2 February 2022
As the COVID-19 pandemic continues, presenting ongoing risks to older Australians receiving aged care, the Aged Care Quality and Safety Commission (the Commission) is constantly reassessing its regulatory response to ensure it remains fit for purpose.
In the last few months, the Commission has further refined regulatory processes and is closely monitoring providers to hold them to account for the delivery of safe, quality care to aged care consumers during the current Omicron wave. Key features of our approach to maintaining a strong regulatory response specifically in the context of COVID-19 include:
- undertaking more infection prevention and control monitoring spot checks at individual aged care services where there is an increased risk of a COVID-19 outbreak
- continuing to conduct site visits to residential services to support and ensure provider outbreak readiness
- resolving complaints, and engaging more closely with services where concerns have been raised about the impact of COVID-19 on care
- proactively contacting providers to ensure they have an outbreak management plan that is continually reviewed and updated
- continuing to assess and investigate serious incident notifications related to COVID-19
- holding providers to account by taking compliance and enforcement action wherever necessary
- using intelligence from spot checks, complaints, incidents and other sources to understand risks associated with COVID-19 and effectively target regulatory activities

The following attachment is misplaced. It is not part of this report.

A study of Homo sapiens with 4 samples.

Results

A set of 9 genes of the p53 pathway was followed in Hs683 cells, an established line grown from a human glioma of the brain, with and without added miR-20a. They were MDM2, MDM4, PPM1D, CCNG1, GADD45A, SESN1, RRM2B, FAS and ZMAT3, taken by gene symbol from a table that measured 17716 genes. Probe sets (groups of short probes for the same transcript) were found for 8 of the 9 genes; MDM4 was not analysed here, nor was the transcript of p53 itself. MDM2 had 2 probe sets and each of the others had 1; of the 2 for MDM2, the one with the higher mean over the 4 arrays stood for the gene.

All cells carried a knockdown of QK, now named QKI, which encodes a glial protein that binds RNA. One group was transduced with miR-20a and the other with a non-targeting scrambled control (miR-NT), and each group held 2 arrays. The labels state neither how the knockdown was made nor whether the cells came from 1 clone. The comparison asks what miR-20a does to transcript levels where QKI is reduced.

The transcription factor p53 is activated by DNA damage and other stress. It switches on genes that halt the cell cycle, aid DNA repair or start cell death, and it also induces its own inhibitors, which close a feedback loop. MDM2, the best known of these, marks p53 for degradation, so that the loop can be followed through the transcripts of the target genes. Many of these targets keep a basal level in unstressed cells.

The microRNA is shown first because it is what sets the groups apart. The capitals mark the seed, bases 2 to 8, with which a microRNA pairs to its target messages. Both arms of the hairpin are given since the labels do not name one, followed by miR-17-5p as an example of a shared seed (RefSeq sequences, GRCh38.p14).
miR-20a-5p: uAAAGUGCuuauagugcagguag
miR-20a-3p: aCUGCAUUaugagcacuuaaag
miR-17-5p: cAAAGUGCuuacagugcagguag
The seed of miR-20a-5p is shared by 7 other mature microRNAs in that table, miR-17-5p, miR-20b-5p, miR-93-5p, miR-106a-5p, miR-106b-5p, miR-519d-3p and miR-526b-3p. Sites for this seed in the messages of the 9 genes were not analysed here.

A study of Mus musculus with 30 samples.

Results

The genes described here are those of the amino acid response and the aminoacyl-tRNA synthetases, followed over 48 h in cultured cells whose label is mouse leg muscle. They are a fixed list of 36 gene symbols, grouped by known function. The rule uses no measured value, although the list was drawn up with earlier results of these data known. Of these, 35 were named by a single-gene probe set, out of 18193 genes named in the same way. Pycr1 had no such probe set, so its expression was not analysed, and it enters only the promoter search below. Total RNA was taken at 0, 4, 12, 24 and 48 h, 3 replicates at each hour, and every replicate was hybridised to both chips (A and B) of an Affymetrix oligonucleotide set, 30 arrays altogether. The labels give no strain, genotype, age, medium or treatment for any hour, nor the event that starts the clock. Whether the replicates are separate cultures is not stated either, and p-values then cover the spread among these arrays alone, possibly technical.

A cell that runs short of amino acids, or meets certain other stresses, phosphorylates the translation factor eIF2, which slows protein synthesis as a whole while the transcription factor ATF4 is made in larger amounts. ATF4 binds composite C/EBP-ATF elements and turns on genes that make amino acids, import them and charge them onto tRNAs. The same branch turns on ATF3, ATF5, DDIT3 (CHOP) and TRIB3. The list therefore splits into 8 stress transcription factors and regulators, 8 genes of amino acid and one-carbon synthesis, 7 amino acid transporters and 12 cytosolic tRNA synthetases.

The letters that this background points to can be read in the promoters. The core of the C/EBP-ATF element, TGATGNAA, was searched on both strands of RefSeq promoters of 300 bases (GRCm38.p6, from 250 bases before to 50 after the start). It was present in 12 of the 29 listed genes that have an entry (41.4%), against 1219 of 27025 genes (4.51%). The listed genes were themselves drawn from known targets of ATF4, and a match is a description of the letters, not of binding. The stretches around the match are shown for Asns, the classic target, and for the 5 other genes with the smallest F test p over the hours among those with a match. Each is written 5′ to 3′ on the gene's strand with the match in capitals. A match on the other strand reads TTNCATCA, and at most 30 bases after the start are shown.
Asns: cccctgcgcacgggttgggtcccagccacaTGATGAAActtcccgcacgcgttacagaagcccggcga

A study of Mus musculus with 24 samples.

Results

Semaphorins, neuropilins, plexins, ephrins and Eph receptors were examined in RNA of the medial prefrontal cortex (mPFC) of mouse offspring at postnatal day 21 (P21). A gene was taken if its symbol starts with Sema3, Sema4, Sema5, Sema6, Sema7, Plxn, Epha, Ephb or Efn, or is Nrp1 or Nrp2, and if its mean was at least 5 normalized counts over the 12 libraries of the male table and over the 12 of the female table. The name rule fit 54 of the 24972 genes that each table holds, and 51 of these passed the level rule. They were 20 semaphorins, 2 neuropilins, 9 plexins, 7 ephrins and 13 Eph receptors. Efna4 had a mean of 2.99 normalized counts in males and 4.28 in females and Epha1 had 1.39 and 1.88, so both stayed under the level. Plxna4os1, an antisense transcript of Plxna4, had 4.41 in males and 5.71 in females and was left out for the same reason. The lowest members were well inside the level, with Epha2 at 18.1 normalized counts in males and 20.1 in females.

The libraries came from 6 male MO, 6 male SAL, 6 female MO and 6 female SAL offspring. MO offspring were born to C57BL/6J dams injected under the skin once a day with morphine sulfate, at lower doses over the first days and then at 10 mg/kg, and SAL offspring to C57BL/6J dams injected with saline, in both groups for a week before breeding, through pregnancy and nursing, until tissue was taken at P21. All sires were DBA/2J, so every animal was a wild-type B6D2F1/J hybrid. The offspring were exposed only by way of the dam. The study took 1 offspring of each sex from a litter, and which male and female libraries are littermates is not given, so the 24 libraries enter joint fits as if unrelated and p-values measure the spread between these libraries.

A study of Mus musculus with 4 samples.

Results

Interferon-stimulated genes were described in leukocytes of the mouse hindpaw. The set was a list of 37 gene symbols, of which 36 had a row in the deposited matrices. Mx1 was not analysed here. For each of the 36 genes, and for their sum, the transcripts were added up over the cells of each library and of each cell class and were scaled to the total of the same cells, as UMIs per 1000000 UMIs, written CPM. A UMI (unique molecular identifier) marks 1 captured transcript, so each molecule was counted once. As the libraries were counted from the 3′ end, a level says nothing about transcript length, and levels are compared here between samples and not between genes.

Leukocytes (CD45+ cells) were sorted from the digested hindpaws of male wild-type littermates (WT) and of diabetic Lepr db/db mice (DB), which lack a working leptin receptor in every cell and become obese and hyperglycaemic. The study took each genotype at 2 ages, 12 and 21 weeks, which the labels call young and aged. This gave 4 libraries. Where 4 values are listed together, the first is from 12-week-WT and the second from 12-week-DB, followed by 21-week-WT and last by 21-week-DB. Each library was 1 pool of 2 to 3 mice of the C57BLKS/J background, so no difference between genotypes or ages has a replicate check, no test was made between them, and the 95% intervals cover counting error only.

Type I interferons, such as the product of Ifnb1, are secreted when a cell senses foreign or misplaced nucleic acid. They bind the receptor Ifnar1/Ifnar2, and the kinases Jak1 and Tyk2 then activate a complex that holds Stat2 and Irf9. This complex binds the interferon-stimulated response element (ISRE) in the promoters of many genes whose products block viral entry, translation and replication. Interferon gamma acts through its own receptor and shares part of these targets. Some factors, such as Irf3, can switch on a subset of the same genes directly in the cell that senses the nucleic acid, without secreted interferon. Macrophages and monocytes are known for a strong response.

- developing and promoting best practice outbreak management resources to the sector.
At times the Commission will be unable to gain access to an aged care service experiencing an outbreak due to public health requirements. Where this occurs, we continue to engage with that service using our regulatory powers, including through participation in outbreak management coordination with Commonwealth and the relevant state/territory government health agencies and the affected service.
In December 2021, I wrote to all residential aged care providers reminding them that there is no excuse for a slow or poorly managed response to an outbreak of COVID-19 at their service. Aged care services whose workforce has been temporarily reduced through COVID-19 infection are expected to activate their contingency plans and do everything possible to minimise the impact on their consumers. The Commission will act promptly where older Australians are at risk of harm and will continue to be present in aged care services to perform its functions.
All aged care services must be alert to the potentially harmful impact on consumers of social isolation. Proactive measures by residential aged care providers – such as implementing Partnerships in Care arrangements – can support safe visitor access wherever permitted under public health orders. Home service providers are also expected to focus on mitigating the risks to consumers including social isolation. The Commission is conducting audits and other regulatory activities of home services to monitor their quality.
The Commission will continue to review and update its regulatory approach to ensure that it remains responsive to evolving pandemic risks. We will inform older Australians and aged care providers of any changes to our approach through our website and other communication channels.